Liz Cunningham.. raising questions over CMC support for bikie laws.
Liz Cunningham.. raising questions over CMC support for bikie laws.

CMC chair briefed by spin doctor over bikie laws articles

THE Newman Government has been accused of a cover-up after revelations in Parliament overnight that its chief spin doctor briefed the head of the CMC before he publicly supported Queensland's anti-bike legislation.

The row comes after Acting Crime and Misconduct Commission chair Dr Ken Levy wrote a column for the Courier-Mail newspaper in support of the controversial laws.

The column sparked howls of protest from the Opposition and lawyers given the CMC is meant to be independent from the government.

Dr Levy initially denied any contact with the government before the articles were published when he was questioned by the Parliamentary Crime and Misconduct Commission on November 1.

But previously secret transcripts of evidence given by Dr Levy and government media boss Lee Anderson about their contact with each other were tabled by PCMC chair and Gladstone MP Liz Cunningham in Parliament late last night.

The transcripts show Mr Anderson and Dr Levy met in Mr Anderson's office in the Executive Building about the News Corp article.

Mr Anderson told the PCMC he and Dr Levy discussed possible topics for the article and prepared him for questions he might face.

Dr Levy denied discussing the contents of the article with him or being told what to write.

Attorney-General Jarrod Bleijie blasted the release of the documents, accusing the PCMC of conducting a witch hunt.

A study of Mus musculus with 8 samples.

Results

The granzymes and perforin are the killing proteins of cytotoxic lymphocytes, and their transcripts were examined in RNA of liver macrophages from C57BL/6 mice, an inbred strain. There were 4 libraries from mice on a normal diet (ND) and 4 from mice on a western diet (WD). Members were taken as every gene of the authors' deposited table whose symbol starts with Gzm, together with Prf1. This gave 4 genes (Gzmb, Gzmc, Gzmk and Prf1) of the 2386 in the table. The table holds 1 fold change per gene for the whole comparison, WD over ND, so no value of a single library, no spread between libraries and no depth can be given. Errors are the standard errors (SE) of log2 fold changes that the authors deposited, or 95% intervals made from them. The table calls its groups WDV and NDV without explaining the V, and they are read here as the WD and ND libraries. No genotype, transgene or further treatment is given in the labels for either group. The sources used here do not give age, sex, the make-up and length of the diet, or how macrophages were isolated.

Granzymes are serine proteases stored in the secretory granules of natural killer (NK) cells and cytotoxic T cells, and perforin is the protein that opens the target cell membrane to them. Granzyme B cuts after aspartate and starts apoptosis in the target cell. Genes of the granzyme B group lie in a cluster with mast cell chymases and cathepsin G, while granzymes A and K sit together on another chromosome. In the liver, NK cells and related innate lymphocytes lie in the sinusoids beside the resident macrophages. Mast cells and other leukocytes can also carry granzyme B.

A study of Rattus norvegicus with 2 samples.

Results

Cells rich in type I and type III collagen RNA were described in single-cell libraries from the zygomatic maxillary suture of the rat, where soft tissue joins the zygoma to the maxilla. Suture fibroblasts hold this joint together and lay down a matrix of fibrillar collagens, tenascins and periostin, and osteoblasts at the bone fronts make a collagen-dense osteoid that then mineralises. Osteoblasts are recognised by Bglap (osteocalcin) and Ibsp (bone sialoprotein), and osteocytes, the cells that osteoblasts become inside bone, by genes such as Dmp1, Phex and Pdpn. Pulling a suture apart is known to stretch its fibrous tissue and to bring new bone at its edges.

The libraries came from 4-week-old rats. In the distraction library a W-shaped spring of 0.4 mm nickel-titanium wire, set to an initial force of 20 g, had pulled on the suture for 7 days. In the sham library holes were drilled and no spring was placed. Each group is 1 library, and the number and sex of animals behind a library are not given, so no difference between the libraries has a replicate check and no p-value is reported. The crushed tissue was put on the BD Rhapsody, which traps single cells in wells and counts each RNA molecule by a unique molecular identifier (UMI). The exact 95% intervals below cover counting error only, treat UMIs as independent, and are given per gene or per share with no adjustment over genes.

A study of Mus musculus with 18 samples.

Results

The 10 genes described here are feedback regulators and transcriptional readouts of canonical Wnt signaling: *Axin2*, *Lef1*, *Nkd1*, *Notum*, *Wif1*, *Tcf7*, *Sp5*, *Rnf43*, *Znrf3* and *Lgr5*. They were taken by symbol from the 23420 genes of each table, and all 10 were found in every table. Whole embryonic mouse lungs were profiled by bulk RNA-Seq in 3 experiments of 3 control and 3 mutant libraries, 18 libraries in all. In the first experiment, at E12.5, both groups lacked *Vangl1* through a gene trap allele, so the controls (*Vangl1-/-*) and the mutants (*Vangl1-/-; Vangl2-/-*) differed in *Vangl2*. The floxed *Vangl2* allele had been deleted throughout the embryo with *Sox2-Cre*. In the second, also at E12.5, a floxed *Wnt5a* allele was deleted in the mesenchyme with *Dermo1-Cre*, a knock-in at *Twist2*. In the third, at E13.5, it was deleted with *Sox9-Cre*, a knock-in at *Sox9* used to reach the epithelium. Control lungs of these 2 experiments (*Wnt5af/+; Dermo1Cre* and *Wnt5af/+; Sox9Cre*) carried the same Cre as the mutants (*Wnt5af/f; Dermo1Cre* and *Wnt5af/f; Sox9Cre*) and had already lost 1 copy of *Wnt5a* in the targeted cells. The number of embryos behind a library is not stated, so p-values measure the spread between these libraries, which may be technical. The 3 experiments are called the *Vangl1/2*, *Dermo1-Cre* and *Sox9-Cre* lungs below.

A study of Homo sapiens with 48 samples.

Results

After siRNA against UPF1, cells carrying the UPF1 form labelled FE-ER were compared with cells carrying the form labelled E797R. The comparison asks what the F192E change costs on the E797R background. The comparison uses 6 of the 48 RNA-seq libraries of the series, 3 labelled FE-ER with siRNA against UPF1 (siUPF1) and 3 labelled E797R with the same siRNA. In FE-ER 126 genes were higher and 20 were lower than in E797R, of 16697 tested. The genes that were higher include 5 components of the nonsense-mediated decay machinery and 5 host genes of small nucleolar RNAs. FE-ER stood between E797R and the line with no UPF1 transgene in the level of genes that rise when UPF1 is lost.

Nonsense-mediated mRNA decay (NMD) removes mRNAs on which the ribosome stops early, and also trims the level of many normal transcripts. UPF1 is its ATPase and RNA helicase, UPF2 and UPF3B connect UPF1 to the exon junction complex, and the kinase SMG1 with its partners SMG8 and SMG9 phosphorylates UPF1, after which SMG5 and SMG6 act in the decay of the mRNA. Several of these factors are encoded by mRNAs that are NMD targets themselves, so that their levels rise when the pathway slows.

He accused the committee of being selective in its release of documents and claimed Dr Levy had been denied natural justice.

Mr Bleijie successfully moved another motion calling for Dr Levy to be allowed to table his side in a statement to the house.

 Dr Levy previously has said expressing his views fell "within the role of the CMC".

He said it was fair comment because previous legislation had been inadequate.

Ms Palaszczuk and party colleague Jo-Ann Miller, along with Sunshine Coast independent Peter Wellington, said open support for the government and its failure to warn of weak legislation damaged the CMC's reputation as being an independent watchdog.

Ms Miller said it helped ensure the government had its "ducks lining up" on bikie reforms.

"In my view, the CMC is not independent at this point in time because it has failed to report to this committee that they were inadequate."

Dr Levy conceded  "perhaps that's my error" that he published his views publicly before offering them to the committee.